Republicans also discussed changes to "community rating" requirements that currently allow insurers to vary their prices for a limited number of reasons, such as smoking status and age.
The specific policy changes haven't yet been released or agreed upon, even in draft form, and much depends on how sweeping the provisions are when finalized. But the ideas described by lawmakers could effectively undermine one of the most popular parts of the Affordable Care Act — the requirement that insurers not refuse to sell plans or charge more to people with preexisting conditions. That policy has widespread bipartisan support, including from President Trump.
"Taking Mark Meadows and the Freedom Caucus members at their word, I assume they believe it would lower insurance premiums in the individual market. But the price of that would be some people would not be able to get health insurance," said Thomas Barker, a co-chair of Foley Hoag's health care practice who worked in George W. Bush's administration. "Maybe it would be cheaper for everyone, but some people might be uninsurable."
"If you don’t have to cover their chemotherapy, you don’t have to cover their radiation and whatever else they need -- what is that preexisting protection doing for you? It's worth nothing," Blumberg said.
Another aspect of the proposal Pence has been discussing this week with members of the House Freedom Caucus — allowing insurers to abandon the “community rating” system and charge sick consumers considerably higher premium rates than healthy ones — could also dramatically alter how Americans with preexisting conditions get coverage.
Dan Mendelson, president of Avalere Health, said in an interview that if congressional Republicans go ahead with that change, “You’re basically in a world where there is no guarantee for people with preexisting conditions in the commercial market.”
Under that scenario, which Mendelson described as “a pre-ACA world,” some consumers would likely enter into the high-risk pools that existed before passage of the 2010 health law. Those pools are composed of sicker customers, and Republicans have discussed the idea of providing $100 billion in federal funds over a decade for the states to help them, in part, subsidize participants in high-risk pools.
Questions remain about whether Republicans will be able to achieve the ideas they've been talking about within the bounds of the reconciliation process and how such a bill would fare in the Senate. But if lawmakers grant insurers freedom to vary their prices more flexibly than they can today, it could be tantamount to not having access to coverage at all for some people, one health care industry official argued.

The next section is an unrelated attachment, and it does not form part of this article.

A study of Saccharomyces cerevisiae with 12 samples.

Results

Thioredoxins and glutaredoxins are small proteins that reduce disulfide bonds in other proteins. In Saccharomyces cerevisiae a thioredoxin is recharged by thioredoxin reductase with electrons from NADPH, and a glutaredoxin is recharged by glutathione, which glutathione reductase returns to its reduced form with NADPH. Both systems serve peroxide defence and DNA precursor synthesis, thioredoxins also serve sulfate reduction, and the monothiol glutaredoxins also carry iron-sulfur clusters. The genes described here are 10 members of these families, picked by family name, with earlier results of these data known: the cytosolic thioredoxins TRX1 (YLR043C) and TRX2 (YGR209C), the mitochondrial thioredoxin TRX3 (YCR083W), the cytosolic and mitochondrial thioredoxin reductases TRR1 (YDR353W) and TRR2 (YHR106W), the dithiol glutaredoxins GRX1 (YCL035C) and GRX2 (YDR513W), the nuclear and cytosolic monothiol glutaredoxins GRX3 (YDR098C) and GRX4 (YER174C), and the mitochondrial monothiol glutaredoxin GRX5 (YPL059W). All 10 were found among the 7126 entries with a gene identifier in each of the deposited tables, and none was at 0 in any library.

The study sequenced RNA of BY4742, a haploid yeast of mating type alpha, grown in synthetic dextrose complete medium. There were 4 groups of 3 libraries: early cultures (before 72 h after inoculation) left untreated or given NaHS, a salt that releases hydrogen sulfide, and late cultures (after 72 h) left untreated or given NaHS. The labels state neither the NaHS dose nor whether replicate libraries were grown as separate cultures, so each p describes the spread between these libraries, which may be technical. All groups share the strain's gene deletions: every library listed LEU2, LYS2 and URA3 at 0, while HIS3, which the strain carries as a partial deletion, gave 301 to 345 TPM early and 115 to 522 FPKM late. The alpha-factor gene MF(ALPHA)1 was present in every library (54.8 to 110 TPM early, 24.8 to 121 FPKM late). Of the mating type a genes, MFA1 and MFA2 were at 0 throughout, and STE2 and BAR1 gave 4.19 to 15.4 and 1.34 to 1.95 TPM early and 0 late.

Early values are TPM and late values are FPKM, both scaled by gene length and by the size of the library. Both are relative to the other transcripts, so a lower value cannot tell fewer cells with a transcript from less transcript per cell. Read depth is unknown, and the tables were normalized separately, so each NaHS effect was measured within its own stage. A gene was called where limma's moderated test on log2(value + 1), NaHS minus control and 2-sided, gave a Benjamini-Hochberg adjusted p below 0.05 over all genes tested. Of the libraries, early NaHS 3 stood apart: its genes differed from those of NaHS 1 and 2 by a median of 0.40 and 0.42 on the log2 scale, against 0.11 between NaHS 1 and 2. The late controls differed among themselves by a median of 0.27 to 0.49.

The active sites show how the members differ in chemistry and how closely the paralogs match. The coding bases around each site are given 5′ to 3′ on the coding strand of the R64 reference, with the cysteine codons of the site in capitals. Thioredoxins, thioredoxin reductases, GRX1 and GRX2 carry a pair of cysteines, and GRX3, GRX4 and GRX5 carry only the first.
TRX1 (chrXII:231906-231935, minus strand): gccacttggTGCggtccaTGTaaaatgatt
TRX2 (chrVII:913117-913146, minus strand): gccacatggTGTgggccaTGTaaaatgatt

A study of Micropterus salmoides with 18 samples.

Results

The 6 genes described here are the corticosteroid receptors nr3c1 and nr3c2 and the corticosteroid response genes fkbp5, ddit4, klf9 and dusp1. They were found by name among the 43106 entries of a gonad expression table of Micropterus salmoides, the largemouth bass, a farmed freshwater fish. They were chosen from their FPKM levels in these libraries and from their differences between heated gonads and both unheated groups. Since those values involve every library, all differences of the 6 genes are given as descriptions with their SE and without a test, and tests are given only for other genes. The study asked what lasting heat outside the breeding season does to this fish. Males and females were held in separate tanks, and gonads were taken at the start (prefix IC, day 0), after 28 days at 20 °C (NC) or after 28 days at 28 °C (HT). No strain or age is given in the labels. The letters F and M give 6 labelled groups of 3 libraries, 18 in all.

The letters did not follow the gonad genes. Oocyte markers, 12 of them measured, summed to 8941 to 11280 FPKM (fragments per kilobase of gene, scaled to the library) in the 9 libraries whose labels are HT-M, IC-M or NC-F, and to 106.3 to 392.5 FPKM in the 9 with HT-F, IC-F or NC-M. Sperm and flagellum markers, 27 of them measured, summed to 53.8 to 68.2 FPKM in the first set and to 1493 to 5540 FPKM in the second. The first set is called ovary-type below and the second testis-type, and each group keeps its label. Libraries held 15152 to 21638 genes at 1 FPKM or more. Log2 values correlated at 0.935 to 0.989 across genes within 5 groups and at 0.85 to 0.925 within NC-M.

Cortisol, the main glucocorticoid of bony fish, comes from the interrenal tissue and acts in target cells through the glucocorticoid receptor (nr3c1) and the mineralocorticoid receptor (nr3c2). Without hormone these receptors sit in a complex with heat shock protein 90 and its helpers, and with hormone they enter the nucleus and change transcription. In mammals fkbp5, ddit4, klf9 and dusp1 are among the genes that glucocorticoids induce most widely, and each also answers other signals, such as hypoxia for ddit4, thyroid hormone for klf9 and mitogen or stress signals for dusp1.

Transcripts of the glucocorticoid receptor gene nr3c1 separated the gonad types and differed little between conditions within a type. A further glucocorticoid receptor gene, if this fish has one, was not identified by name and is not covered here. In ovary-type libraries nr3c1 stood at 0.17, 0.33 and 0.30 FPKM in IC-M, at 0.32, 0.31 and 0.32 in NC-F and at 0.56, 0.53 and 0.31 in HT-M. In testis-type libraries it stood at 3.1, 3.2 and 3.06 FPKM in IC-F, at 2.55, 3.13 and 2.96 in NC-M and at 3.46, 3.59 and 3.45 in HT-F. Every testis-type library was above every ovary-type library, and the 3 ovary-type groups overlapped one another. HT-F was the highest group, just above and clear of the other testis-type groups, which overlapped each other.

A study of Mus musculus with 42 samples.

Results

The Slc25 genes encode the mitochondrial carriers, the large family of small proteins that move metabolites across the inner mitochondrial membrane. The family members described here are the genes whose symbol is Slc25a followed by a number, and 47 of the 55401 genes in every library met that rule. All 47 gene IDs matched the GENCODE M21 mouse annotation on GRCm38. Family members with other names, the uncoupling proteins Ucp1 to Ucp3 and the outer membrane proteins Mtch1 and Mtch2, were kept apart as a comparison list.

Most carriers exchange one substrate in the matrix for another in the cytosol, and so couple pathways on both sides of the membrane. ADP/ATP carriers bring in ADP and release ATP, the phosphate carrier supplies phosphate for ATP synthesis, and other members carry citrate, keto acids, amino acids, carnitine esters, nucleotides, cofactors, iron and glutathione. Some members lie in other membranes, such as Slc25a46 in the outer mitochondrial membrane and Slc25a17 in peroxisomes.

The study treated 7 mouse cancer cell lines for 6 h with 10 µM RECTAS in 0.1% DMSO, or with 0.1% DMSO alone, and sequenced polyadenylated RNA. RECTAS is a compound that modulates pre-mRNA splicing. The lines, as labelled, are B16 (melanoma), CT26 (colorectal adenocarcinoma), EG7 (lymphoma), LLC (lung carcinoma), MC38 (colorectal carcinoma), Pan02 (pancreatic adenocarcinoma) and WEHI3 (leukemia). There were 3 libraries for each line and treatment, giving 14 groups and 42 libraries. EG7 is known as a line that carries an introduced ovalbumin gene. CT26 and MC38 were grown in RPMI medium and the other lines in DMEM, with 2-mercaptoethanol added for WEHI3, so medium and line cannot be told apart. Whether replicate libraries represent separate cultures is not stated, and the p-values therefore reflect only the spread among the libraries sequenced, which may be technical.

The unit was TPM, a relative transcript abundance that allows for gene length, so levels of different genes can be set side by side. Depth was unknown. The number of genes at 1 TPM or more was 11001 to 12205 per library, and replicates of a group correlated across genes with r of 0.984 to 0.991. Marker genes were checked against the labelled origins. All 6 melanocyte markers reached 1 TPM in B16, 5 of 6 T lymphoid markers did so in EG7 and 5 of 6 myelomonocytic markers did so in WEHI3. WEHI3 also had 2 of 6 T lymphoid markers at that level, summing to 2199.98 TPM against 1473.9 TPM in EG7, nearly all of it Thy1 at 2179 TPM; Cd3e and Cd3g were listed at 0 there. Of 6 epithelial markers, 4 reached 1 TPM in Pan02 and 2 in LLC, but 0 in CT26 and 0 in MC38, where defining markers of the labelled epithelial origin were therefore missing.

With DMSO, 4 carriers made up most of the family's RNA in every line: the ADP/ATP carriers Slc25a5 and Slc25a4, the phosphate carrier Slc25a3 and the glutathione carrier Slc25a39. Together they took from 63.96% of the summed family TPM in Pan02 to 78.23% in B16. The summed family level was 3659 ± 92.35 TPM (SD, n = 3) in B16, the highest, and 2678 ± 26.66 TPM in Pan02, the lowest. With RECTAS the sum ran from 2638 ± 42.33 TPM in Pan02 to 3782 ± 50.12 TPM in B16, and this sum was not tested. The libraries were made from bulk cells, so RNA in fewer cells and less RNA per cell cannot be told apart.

"This is going to stabilize the insurance market by jettisoning sick people and low income people," said the official, who spoke on condition of anonymity so that he could be candid.
Combined with another of Trump's health care promises -- that insurers will soon be granted the ability to sell insurance across state lines -- policy specialists said changes to the minimum package of health benefits required to be covered by insurance could create a race to the bottom.
That's because healthy people would likely be attracted to the cheapest, most minimal plans. Insurers that offered plans that had more generous benefits could become a magnet for sick people who needed that care -- and, as a result, would have to raise their premiums even higher.
Under the guise of offering insurers and consumers more choice and freedom in how their insurance is structured, peeling back the current definition of what insurance is could ultimately result in less choice, said Craig Garthwaite, an associate professor of strategy at the Kellogg School of Management at Northwestern University. Insurers would have no incentive to offer plans with benefits more generous than the minimum, and it could even put them at a competitive disadvantage.
Insurers that cover expensive hepatitis C drugs favorably, for example, could find themselves attracting those patients.
"If you do that and your competitor doesn’t, you’ll have to raise your premiums," Garthwaite said.
Juliet Eilperin contributed to this story.